Meteorites are basically any object from any Solar System source that reach the surface of the Earth after surviving passage through the atmosphere. They can be any size from gravel-sized pieces of rock or even large objects several metres across. Some rare meteorites are large enough to affect the climate upon impact. (Hutchison and Graham, 1994.)

Mineralogical classification

The following table lists the different classes of meteorite, based upon their mineralogy. (Source: Hutchison and Graham, 1994.)

Type / Name Mineralogy
STONY Chondrites  Usually between 2 and 20% Fe* and Ni*; sulphide minerals such as "troilite".
 Contain chondrules1.
 Occasionally contain water and organic compounds, with little Fe* or Ni*.
Carbonaceous Chondrites  Chondrules1 are common, in a watery matrix containing C*, H*, O*, and N* organic compounds.
 The matrix often contains diamond and "silicon carbide" crystals, thought to form in the atmospheres of red giant stars. Also contain some extremely rare, heat-resistant minerals based on Ca* and Al* oxides, which could represent the first minerals to condense out of a solar nebula infused with minerals from dying red giants.
Achondrites  These formed as molten (igneous) rock solidified in chondritic bodies such as asteroids or planets. Indeed, most originate from asteroids, and a few from the Moon and Mars. Most are chemically similar to basalts, containing olivine2, but do show some chemical variation as some are carbon-rich, perhaps related to carbonaceous chondrite bodies.
 They contain no chondrules1.
 Some achondrites are lumps of regolith from the surface of asteroids, called "howardites". The minerals in howardites are damaged by particles streaming out from the Sun in the solar wind, so we know they formed on a body with no atmosphere.
 SNC (or Shergotty Nakhla Chassigny) meteorites originate from Mars, because their young ages of between 1300 and 200 Ma3 means they formed long after other solar system bodies ceased to be active.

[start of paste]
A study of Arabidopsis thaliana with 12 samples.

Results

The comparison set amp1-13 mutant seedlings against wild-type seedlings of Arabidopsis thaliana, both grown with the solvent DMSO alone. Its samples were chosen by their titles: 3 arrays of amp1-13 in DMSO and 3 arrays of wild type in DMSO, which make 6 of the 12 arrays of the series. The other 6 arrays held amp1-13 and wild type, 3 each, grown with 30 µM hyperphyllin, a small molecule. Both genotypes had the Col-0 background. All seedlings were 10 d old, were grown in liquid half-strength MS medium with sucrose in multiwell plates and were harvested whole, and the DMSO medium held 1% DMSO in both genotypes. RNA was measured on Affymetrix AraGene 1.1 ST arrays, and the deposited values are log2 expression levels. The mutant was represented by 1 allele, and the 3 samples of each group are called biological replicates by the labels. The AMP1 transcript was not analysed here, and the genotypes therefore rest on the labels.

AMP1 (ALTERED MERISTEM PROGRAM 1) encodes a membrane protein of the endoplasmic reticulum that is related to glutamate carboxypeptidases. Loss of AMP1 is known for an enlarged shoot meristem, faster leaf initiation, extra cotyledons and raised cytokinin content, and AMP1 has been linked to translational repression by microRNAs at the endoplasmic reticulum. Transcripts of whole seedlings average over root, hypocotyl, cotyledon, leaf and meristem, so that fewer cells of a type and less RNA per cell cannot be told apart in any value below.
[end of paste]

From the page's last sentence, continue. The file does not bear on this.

IRON  These consist primarily of Fe* and Ni* along with a few other minerals including olivine2. Iron meteorites usually contain around 7 to 15% Ni*, by weight.
 Most originally formed in asteroids' cores, while the rest formed in association with non-metallic material further out.
 Kamacite is present if an iron meteorite contains 5 to 6% Ni*, whereas it will not be present with concentrations of over 15%.
 "Widmanstätten" structure occurs when Fe*-Ni* alloys form two minerals which intergrow while cooling from temperatures exceeding 700°C. One mineral contains 5% Ni* and the other around 40% Ni*.
STONY - IRON  Two main types: "pallasites" (Fe*, Ni* and olivine2) and "mesosiderites" (Fe*-Ni*, achondritic, glassy and metallic material).
 Likely to originate from a large, layered asteroid.
 Pallasites formed from cooling and cracking of a body early in its history, with metal migration along fractures, while mesosiderite structure suggest formation was impact-based.
* : Al = aluminium; C = carbon; Ca = calcium; Fe = iron; H = hydrogen; Mg = magnesium; N = nitrogen; Ni = nickel; O = oxygen; Si = silicon.
1: Chondrules are roughly spherical solidified droplets of melt, on the millimetre scale, often containing water and olivine2.
2: Olivine is a common mineral in Earth's mantle, as well as in meteorites. Chemical formula: (Mg,Fe)2 [SiO4].
3: In geology, long periods of time are measured in millions of years (Ma) or billions of years (Ga).


A list of this month's meteor showers is kept on the Night Sky page.